Reviewed by Barry Lenny, Wednesday 6th April 2016

Harold Pinter's 1971 play, Old Times, is being presented in the Space Theatre, for five performances only, by Mystique Productions and Tony Knight - Acting, directed by long time head of Australia's National Institute of Dramatic Arts (NIDA) Acting programme, Tony Knight.

The play was first performed in London by the Royal Shakespeare Company in 1971 and one cannot help but be reminded of Sartre's In Camera, in which two women and a man find themselves locked for eternity in a room together, with that famous line, "Hell is other people". Here we again have two women and a man in a room with three places to sit. They rarely and briefly sit together and tension dominates the dialogue.

Kate and Deeley are visited by Anna, with whom Kate shared lodgings in London twenty years earlier as a university student. The conversation is circular but, whenever something that had been spoken of is revisited, it is transformed and contradictory. Deeley never met Anna, or did he? He met Kate twenty years ago, but did he meet Anna then? Anna stole Kate's underwear whenever she went out, or did Kate insist that she wore it? Was it Kate or Deeley who saw the film, Odd Man Out, with Anna?

Kate spends long periods in silence as Anna and Deeley converse about her as though she was absent, each seeming to be claiming Kate as theirs, attempting to top one another's stories of their early days with Anna. At one point she declares that, "You talk about me as if I'm dead!", and at another she says to Anna, "I remember you dead". One of the suggested explanations of the play is that all three are dead, making it even more like Jean Paul Sartre's work. It has also been suggested that it may be a memory play, with either time distorting memories or the three deliberately reworking the events for their own advantage, or perhaps it is all just a dream that one of them is having.

The sexual politics are dense, with the marriage between Kate and Deeley seemingly having faded and a suggestion that Kate and Anna had had a relationship, so that Deeley is fighting to keep her with him, and Anna is trying to rekindle their old romance and take her away from Deeley.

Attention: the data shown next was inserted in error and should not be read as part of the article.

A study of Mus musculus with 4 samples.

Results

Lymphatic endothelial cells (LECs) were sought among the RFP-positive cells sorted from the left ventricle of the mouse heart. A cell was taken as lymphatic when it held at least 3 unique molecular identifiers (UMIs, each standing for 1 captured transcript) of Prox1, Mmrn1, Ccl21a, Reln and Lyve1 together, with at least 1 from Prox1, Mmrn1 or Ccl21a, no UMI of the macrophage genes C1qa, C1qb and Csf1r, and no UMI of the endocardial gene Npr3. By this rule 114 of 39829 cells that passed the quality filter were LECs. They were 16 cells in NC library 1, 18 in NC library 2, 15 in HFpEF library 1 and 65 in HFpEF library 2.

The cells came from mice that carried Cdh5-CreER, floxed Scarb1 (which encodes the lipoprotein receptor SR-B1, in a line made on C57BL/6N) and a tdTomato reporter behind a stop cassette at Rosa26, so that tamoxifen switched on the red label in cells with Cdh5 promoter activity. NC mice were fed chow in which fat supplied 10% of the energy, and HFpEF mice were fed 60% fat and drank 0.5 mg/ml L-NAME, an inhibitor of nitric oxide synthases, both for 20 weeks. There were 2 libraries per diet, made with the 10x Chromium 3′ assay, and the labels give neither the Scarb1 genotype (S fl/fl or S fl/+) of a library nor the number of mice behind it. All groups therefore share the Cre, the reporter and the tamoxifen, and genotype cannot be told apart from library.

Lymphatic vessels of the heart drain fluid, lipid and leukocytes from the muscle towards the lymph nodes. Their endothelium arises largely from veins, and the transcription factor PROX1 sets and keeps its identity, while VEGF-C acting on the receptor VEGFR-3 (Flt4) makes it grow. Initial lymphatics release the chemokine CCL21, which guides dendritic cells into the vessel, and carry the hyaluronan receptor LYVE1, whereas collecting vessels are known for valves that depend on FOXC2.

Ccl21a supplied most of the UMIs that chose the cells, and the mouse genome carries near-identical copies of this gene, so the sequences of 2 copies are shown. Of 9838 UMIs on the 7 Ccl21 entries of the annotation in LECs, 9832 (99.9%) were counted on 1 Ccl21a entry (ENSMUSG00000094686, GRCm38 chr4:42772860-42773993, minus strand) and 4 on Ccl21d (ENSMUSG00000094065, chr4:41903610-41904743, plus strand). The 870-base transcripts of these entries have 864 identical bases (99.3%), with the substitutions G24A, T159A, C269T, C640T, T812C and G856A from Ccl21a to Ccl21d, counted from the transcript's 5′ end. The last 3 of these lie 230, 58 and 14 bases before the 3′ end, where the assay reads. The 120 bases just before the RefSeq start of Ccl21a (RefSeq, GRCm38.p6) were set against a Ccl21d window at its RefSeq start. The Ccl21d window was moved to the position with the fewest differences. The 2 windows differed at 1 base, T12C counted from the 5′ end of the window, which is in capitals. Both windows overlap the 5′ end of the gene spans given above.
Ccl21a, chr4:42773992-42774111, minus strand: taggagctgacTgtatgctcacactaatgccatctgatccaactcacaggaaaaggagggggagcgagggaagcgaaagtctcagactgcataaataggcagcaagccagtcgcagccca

Tony Knight has created a stylised production, with dialogue delivered at a crisp pace, and omitting, or greatly shortening the very long pauses that Pinter calls for so often in his plays. He makes very effective use of Pinter's language, which mixes important passages with apparently banal comments on the quality of Kate's casserole. He has also opted for a minimalist set of black curtains and white frames for two windows and a door, rather than Pinter's "converted farmhouse", which is quite sufficient for this play and worked well. His cast were dressed by Carla Zampatti.

Rachael Wegener, Marc Clement, and Charlotte Rose are Anna, Deeley, and Kate, respectively. All three have extensive stage and film acting experience, and recently were participants in an Advanced Acting workshop run by Knight. This gives them the advantage of knowing how their director thinks and works as well as already having worked together and built up a professional working relationship. This shows in the performance.

The three performers are a tightly knit ensemble, each offering a strong and considered development of their character, consistent with the director's interpretation of the play. There is a fine coherence within this production and three exceptional performances but, considering who is involved, that is not a great surprise.

This play is very seldom staged, and Pinter is not always performed well, so take advantage of this opportunity before this production closes on Saturday.